Nicolas Jaar commands a rare adoration in the electronic music world – a crossover success, loved by fans and critics, always pushing outwards towards something strange and new. While Jaar’s music has always charted between worthwhile and genuinely revelatory, his output has slowed significantly in recent years. Between his extraordinary debut album in 2011 and this new single, Jaar has formed then disbanded his group Darkside and launched a label which now charts over thirty releases. That’s a long time for fans to wait.
Yet Jaar is a dependable producer, and if there’s one thing he always manages to do it’s give listeners something they didn’t know they wanted. The narcotised disco of his early singles gave way to the tactile electronica of Space Is Only Noise, and now Nymphs II shows Jaar sculpting sound in long-form, more delicately and impressively than ever.
The two consuming tracks form a single suite, grooves and motifs gliding in and out of earshot across the fifteen minute runtime. The long intro to The three sides of Audrey and why she’s all alone now sounds like forms emerging from a pool of still water, supple and flexing, an intricate ballet of shifting strings, slight chords and strained celestial vocals. A toybox melody introduces the dense Latin-inflected rhythm at the halfway mark, building to an otherworldy finale as everything comes together, only to fade into a beautiful synth coda heavy with longing.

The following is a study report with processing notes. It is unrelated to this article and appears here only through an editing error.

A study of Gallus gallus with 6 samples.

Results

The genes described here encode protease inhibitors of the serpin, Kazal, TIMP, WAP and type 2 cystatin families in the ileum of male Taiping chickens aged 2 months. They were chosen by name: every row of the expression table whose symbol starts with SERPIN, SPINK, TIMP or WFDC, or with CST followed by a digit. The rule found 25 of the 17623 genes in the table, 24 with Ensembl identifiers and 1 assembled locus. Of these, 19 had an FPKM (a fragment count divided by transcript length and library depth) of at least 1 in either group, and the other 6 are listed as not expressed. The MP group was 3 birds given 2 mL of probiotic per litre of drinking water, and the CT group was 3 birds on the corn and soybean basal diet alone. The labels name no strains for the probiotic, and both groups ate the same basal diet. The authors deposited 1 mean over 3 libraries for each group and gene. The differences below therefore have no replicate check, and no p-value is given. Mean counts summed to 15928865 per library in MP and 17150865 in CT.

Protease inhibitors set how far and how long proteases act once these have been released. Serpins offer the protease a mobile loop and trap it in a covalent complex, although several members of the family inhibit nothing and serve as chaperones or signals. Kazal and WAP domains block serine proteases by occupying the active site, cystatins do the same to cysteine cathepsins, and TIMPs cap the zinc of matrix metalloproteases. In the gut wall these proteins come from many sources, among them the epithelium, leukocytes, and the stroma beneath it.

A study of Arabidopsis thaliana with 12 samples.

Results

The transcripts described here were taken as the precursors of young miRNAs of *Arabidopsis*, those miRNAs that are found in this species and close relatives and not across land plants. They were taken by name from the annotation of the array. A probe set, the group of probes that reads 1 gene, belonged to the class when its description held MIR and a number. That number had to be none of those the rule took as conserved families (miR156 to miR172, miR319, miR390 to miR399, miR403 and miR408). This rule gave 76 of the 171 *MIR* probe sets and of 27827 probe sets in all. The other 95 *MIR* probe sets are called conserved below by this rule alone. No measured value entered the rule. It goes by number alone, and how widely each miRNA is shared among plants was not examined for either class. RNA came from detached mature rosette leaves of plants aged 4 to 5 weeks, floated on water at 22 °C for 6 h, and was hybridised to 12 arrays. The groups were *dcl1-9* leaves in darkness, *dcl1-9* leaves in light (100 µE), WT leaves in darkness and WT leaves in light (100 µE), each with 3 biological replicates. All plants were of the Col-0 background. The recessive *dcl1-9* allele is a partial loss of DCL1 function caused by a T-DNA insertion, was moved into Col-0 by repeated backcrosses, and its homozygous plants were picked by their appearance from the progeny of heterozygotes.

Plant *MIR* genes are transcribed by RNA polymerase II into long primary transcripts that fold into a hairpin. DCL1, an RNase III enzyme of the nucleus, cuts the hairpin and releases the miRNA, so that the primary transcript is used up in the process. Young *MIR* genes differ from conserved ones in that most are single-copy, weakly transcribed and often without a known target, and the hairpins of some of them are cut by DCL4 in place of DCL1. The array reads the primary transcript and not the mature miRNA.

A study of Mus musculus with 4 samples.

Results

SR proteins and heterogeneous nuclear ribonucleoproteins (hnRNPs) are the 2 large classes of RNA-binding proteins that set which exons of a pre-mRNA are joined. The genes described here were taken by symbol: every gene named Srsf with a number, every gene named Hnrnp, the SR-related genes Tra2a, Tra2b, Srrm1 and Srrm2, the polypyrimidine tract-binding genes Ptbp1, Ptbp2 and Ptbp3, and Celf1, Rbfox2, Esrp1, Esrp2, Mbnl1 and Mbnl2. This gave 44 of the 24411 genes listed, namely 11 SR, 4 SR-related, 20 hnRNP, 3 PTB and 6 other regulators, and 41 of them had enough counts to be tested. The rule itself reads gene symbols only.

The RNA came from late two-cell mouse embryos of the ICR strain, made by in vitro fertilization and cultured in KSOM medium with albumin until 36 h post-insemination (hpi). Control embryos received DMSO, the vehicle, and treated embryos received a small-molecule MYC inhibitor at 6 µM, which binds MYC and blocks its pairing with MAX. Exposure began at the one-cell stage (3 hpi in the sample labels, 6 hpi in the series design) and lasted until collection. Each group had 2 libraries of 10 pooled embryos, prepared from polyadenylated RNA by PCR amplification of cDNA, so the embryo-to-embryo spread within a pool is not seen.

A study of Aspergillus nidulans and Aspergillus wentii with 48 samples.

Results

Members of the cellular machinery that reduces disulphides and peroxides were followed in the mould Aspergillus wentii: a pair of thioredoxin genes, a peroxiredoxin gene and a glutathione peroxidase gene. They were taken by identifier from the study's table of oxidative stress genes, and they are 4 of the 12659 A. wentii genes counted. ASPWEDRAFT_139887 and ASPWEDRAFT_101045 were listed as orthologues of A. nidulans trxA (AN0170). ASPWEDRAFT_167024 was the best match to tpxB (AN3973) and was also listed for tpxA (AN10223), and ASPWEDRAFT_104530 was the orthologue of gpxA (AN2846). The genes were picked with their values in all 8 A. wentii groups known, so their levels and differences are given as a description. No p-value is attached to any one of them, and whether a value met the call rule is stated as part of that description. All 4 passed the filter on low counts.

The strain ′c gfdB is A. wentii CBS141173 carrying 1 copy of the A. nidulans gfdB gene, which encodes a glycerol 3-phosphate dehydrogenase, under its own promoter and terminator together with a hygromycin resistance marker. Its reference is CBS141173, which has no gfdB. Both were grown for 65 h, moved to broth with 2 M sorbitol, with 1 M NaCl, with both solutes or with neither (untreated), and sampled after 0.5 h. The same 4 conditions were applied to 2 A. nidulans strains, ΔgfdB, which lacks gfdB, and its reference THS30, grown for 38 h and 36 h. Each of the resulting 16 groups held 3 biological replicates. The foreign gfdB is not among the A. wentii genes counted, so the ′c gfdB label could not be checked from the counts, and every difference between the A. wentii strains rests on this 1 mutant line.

No one is looking at U has more of a distinct pulse, its rhythm in place throughout, again showing Jaar’s unique knack for making compelling work from such a subdued soundfield. A star-gazing melody helps the track lift off towards the close, before the arrangement dissolves back into a glistening web of treated vocals and effects.
Both tracks here are growers, requiring time to unlock the intricacy of their design. But like Jaar’s best work they showcase one of his most remarkable traits as a producer. He always gives the listener a big satisfying melody or rhythm which lifts the soul, but Jaar focuses just as much care into crafting the build-up and deconstruction of these dramatic moments, making each song a powerful trip. It’s to his immense credit that it’s tough to call which of the two parts is more compelling.